My Edible Garden

I've been gardening for most of my life and have been a devoted fan of organic gardening the whole time. It just makes so much more sense to work in harmony with Mother Nature than to fight her. Besides which it is better for the planet and better for our bodies. Here you can see what I'm planting and harvesting, with gardening hints and resources thrown in for good measure.

Wednesday, September 4, 2013

Egg Shell Color Genetics

Easter Egger pullets
I thought it was about time to give you an update on those cute little chicks up at the top of the page. Those are some of the 30 or so chicks that hatched on my birthday in April so going on 5 months old. They are part Ameraucauna, so actually just mutts, but some will lay blue or green eggs. Ameraucauna chickens lay blue eggs and have a small pea comb. Apparently the pea comb and the blue egg gene are closely linked, so in general if they have a pea comb they are going to lay blue or green and if they have a single comb then they will lay white or brown depending on the mix of breeds they are.
single comb on left, pea comb on right

So how do we get green eggs? Well there are actually only two colors of egg shell, blue and not blue. What I am talking about is the color of the shell itself, all the way through. If you open up a blue egg and look under the inside membrane, you can see that the inside is blue also. But when you look inside a brown egg the inside is white (genetically, "not blue"). You see in a blue egg the blue pigment is an integral part of the egg shell. However, in a brown egg the brown pigment is actually a coating put on the outside.

A green egg happens when a bird has the blue egg genes along with some of the brown egg genes. She makes a blue egg shell and then coats it with the brown coating. The shade of green it turns out to be depends on the brown genes and the amount of brown tint she adds.
As you can see there are a variety of colors and patterns on these girls. Some have single combs (and so will probably just lay brown eggs) while others have pea combs (and so will lay blue or green).  Some have great muffs and beards and some have clean faces. Purebred Ameraucaunas are required to have muffs and beards by their breed standard and I do think they are cute. But beards and muffs have nothing to do with the blue egg gene, so as long as they have a pea comb they will probably lay blue/green eggs, even if they have a clean face.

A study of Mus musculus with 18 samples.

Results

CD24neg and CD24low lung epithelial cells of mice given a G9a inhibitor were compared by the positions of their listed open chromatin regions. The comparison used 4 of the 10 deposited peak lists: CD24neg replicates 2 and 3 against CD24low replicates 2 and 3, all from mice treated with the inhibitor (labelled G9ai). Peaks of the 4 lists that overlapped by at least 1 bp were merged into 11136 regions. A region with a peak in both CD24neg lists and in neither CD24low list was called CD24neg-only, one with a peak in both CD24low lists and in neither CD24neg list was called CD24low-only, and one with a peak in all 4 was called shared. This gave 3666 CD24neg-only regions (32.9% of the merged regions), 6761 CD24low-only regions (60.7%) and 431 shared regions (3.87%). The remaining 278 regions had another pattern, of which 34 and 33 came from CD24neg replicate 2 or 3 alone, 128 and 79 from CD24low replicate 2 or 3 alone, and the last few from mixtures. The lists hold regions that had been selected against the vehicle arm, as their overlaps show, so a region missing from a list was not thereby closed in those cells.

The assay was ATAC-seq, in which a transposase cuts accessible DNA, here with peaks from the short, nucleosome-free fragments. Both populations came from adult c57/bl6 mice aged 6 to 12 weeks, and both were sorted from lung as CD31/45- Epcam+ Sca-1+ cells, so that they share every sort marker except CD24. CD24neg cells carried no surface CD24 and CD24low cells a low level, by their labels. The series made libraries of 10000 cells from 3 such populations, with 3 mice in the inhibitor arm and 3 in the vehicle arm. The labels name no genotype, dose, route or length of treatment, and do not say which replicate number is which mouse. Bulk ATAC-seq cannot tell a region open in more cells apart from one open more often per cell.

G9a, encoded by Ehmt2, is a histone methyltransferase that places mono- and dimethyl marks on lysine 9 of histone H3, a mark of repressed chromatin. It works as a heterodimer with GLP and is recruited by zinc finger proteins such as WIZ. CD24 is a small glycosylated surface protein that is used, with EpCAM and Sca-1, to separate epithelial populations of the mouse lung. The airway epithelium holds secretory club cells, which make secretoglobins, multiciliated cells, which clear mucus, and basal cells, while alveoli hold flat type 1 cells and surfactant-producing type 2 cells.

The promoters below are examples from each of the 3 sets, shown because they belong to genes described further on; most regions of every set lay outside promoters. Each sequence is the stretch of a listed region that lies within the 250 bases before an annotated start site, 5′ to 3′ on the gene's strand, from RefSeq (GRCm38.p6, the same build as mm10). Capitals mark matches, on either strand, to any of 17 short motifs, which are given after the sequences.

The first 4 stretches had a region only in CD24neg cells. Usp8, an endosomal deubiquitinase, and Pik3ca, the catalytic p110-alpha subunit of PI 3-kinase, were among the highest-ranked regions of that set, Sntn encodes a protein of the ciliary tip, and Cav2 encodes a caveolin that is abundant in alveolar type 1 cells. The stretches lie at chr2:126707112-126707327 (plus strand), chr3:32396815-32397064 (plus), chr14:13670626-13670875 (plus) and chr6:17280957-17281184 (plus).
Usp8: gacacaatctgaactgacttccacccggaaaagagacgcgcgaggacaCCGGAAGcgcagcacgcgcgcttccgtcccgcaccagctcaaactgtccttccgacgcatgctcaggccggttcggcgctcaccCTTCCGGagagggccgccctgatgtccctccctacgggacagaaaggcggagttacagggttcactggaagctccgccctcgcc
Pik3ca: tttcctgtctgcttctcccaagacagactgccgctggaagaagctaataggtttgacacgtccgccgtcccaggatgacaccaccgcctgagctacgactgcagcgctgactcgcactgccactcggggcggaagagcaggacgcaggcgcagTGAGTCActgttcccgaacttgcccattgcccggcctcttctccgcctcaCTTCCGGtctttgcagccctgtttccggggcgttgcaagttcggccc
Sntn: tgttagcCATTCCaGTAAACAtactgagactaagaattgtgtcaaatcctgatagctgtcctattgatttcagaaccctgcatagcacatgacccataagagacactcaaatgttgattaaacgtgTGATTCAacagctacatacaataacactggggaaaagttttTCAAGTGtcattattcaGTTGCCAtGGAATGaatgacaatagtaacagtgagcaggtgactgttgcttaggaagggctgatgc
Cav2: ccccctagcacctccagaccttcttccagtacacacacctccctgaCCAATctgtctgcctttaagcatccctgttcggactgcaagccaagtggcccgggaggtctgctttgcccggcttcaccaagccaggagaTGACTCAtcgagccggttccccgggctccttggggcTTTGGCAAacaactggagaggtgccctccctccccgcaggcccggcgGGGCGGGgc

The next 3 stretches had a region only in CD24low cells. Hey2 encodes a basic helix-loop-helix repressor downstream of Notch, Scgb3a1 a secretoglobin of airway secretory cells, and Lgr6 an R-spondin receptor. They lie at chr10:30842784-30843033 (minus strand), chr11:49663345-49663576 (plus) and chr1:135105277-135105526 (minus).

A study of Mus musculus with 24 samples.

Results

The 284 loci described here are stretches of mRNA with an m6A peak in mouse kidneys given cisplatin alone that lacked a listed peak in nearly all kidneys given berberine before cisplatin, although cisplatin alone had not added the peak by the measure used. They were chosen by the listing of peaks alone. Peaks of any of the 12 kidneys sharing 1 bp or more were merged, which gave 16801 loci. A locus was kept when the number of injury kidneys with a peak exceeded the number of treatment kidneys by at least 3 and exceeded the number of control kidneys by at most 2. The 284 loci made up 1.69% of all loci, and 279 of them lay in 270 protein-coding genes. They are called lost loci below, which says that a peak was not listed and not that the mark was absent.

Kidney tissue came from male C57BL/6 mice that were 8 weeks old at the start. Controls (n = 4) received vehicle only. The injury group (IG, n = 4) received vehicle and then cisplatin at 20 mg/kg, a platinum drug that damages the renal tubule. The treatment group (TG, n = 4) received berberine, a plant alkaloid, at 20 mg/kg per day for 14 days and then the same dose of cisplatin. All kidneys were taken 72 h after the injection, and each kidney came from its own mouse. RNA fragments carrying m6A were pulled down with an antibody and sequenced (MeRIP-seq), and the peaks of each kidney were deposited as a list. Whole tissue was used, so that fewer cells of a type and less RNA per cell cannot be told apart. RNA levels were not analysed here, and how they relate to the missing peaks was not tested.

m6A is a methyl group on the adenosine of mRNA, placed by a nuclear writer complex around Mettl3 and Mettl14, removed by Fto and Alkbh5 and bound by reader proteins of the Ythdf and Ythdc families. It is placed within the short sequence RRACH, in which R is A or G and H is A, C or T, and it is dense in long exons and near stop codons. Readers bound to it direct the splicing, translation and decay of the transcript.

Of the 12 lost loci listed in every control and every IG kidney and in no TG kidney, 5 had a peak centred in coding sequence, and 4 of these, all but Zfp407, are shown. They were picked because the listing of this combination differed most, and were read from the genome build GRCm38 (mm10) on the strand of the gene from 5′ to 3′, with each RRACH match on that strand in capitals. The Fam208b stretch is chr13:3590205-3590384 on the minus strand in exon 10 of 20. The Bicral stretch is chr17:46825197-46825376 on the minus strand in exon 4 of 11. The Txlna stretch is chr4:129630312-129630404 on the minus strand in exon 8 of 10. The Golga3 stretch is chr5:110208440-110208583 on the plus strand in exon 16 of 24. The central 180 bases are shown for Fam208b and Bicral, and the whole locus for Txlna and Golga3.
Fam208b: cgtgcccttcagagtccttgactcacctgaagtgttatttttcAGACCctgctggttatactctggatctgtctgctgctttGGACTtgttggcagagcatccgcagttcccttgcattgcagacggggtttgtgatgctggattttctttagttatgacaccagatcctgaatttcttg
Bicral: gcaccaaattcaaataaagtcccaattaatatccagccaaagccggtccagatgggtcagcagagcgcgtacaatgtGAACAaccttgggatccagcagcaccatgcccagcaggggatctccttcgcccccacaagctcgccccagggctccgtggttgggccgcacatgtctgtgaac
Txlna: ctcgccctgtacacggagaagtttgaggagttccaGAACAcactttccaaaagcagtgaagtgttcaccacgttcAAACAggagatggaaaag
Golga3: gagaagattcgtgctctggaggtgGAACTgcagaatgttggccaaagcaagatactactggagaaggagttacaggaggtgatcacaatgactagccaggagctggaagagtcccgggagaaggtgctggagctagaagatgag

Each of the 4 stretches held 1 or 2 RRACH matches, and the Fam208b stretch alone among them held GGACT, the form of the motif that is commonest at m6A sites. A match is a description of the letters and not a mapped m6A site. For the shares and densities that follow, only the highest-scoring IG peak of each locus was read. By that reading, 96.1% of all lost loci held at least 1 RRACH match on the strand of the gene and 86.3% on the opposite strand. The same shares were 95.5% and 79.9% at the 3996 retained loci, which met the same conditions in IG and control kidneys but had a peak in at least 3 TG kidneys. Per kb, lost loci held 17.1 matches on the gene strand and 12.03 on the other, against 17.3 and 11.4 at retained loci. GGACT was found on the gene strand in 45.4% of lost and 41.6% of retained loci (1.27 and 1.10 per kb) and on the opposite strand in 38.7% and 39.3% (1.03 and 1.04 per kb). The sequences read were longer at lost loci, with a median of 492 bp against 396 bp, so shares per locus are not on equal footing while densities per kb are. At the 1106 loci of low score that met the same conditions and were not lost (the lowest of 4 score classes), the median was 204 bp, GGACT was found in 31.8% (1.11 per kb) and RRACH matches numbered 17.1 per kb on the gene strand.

And some of them have begun to lay already!
I can't wait to see what other colors I get out of these girls!


  1. Mary, you have Easter eggs without the mess of food color dying. I didn't know there were so many things to know about egg shells. I have not see eggs that are blue or green. The chickens on farms here in Nebraska are either white or brown. I'm not convinced that the color of the egg shell has something to do with nutrition of the egg. The stores here will advertise the brown eggs are better eggs and price them higher.

    Have a great day with the chickens.

    Nebraska Dave

  2. Hi Dave, good to hear from you! You are right, the color of the eggshell has NOTHING to do with the nutritional content of the egg itself. I think this got started at some point when white leghorns became popular for mass production in cages, where smaller farms were still raising brown layers. Much more important is the diet and conditions the chickens are kept in, in this case it really does help to know your farmer!